I was very pleased to be able to witness the arrival of the first train from Christchurch and to be able to congratulate a few of the great many people who were responsible for making it happen.

Trains using the re-opened section of rail can only travel at very slow speeds of about 10kmh north of Oaro due to the rails having rusted which makes braking difficult, they also have to negotiate a damaged tunnel. The sheer amount of vital materials and equipment one train can deliver in one go makes this slow trip more than worthwhile.

I cannot understate the effort that rail and road workers have put in, and continue to put in, to reach this point. They are operating in some incredibly tough and risky conditions, often in sub-zero temperatures. As an example, I recently visited a crew constructing a sea wall for the road at Rakautara.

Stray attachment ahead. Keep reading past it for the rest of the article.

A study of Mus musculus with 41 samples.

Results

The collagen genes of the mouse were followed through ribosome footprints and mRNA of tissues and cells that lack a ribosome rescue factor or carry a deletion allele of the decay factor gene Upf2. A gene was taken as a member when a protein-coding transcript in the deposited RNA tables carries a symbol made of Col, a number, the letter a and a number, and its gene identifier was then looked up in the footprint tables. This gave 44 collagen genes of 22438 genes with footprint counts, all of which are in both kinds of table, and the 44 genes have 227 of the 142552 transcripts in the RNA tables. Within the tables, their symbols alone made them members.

Here, the concrete footing for the wall can only be worked on at low tide, which includes the middle of the night if that is when the tide occurs. Even during the day, this area of coastline doesn’t see much sun so it’s very cold and damp, but crews are nevertheless doing a really good job and making great progress.I have also been back to visit the temporary workers’ village just outside of Kaikoura. At the time, about 140 people had already moved in and work continues to have the camp fully finished by next month.

The village really is a very impressive facility, and the speed at which it’s all been assembled to such a high standard is quite phenomenal. On completion, the camp will be holding a public open day, so keep your eye out for details on that. Kaikoura itself is starting to look and feel much busier than it was.

There is a lot more traffic on the roads within the town than there was even just one month ago. Yes, most of that traffic belongs to road crews and other workers, not tourists, but what it means is progress towards returning to normality and in the meantime, jobs for locals. Kaikoura, and our whole earthquake-affected east coast, has come an incredibly long way in just six months: now that the pace has been stepped up thanks to the southern train link, we will go even further in the next six.